St. Petersburg, 5 November 1997 (RFE/RL) -- Until recently, a letter describing St. Petersburg's appearance almost certainly included adjectives such as dilapidated and neglected. But the city has started a major cleaning campaign, and the difference is already noticeable.
Last week St. Petersburg officials announced the final results of the "Clean City" competition, which pitted city districts against one another in a public works beautification contest. Most significantly, the competition received considerable support from local business community. Many entrepreneurs, who previously rarely gave to causes that brought no immediate profit, contributed this time to sprucing up their districts.
Not wishing to lose an opportunity to show off months of hard labor, city officials took journalists on a tour of newly-spruced sites in the city's center: charming little courtyards, newly-arranged children's playgrounds, refurbished monuments, freshly painted facades, and sleek, snazzy kiosks.
This is in the central districts. Elsewhere, there is still much work to be done.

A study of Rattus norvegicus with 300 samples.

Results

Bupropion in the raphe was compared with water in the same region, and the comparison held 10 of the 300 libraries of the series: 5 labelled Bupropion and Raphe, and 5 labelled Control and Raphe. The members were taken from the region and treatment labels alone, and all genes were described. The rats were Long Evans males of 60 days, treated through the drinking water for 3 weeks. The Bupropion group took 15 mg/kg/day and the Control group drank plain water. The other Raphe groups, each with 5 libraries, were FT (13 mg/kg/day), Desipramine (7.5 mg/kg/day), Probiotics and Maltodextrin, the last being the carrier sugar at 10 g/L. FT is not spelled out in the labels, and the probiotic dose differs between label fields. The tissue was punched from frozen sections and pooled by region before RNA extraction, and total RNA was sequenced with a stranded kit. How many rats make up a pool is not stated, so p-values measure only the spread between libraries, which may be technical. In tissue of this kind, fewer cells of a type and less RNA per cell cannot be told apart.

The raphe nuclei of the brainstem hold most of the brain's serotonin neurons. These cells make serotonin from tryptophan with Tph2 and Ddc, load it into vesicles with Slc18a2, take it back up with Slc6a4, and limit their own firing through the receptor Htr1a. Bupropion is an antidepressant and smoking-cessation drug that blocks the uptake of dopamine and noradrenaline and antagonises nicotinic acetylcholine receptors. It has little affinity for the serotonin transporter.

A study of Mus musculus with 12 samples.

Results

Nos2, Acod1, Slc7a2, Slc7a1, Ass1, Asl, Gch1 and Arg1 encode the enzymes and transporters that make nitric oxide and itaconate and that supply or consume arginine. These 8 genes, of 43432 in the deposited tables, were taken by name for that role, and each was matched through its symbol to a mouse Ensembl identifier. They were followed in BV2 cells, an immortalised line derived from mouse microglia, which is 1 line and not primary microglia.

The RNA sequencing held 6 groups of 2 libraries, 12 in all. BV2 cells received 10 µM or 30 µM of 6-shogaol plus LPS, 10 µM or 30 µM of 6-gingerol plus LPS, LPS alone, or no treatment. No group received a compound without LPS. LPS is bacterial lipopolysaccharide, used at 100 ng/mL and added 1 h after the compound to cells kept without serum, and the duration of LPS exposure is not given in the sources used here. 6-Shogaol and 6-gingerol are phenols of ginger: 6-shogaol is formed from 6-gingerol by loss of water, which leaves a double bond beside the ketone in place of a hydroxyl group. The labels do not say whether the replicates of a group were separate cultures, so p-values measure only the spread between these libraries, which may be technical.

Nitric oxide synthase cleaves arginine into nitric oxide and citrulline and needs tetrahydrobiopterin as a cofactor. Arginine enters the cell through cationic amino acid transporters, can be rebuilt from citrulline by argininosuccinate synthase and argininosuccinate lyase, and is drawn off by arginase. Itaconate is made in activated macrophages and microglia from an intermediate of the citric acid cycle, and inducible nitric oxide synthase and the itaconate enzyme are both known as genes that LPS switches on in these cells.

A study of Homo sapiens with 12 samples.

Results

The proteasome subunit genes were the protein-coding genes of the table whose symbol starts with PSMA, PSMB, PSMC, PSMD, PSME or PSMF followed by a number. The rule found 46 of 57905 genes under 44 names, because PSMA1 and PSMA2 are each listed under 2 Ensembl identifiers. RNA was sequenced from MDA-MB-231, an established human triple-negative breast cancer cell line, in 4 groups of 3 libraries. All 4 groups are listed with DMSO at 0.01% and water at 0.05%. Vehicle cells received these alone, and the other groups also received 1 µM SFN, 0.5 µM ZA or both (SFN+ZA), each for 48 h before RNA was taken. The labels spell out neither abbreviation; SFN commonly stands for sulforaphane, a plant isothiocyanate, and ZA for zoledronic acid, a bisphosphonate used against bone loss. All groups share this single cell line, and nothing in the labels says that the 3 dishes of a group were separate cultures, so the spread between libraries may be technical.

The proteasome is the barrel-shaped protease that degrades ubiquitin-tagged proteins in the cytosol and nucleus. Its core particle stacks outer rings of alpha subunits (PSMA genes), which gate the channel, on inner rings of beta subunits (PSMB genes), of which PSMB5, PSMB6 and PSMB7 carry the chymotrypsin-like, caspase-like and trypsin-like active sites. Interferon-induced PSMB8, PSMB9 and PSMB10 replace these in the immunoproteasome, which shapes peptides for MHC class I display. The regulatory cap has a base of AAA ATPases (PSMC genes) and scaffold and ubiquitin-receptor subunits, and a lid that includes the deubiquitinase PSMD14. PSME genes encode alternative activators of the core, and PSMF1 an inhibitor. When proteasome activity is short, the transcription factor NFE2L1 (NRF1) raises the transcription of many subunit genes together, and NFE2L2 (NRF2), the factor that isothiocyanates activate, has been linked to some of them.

In working class districts that were off the official tour, reality is quite different. "What do I think of my courtyard? A dirty, disgusting unbearable place that cannot be criticized enough," says 55-year-old Tatiana Moranevich, a resident in the city's industrial Nevsky district, told RFE/RL. And her situation is still the norm in the city.
The beautification contest is just the first step on the way to what city fathers hope will be a victorious bid for the title of "Cleanest Russian City".
President Boris Yeltsin was so impressed by St. Petersburg's public works contest during his visit here last June that he decreed a national "Cleanest Russian City" contest to be held. Winners will be announced by next May, and receive a premium of 20 billion rubles (more than $3 million).
The contest is organized by the Ministry of Construction and the Union Of Russian Cities, a non-government organization established in 1991 to coordinate activities between city administrations and the federal government.
The competition's goal goes beyond just giving a fresh coat of paint to aging facades or laying new roads. It hopes to instill civic spirit into citizens' hearts.
An official at the union, Alexander Dreier, thinks such a voluntary, spontaneous approach is urgently needed. "In Soviet times there was a plan for public works, but the system was not effective," he says, "We need to create a system of incentives so that people want to do something for their city, and not feel forced to do so."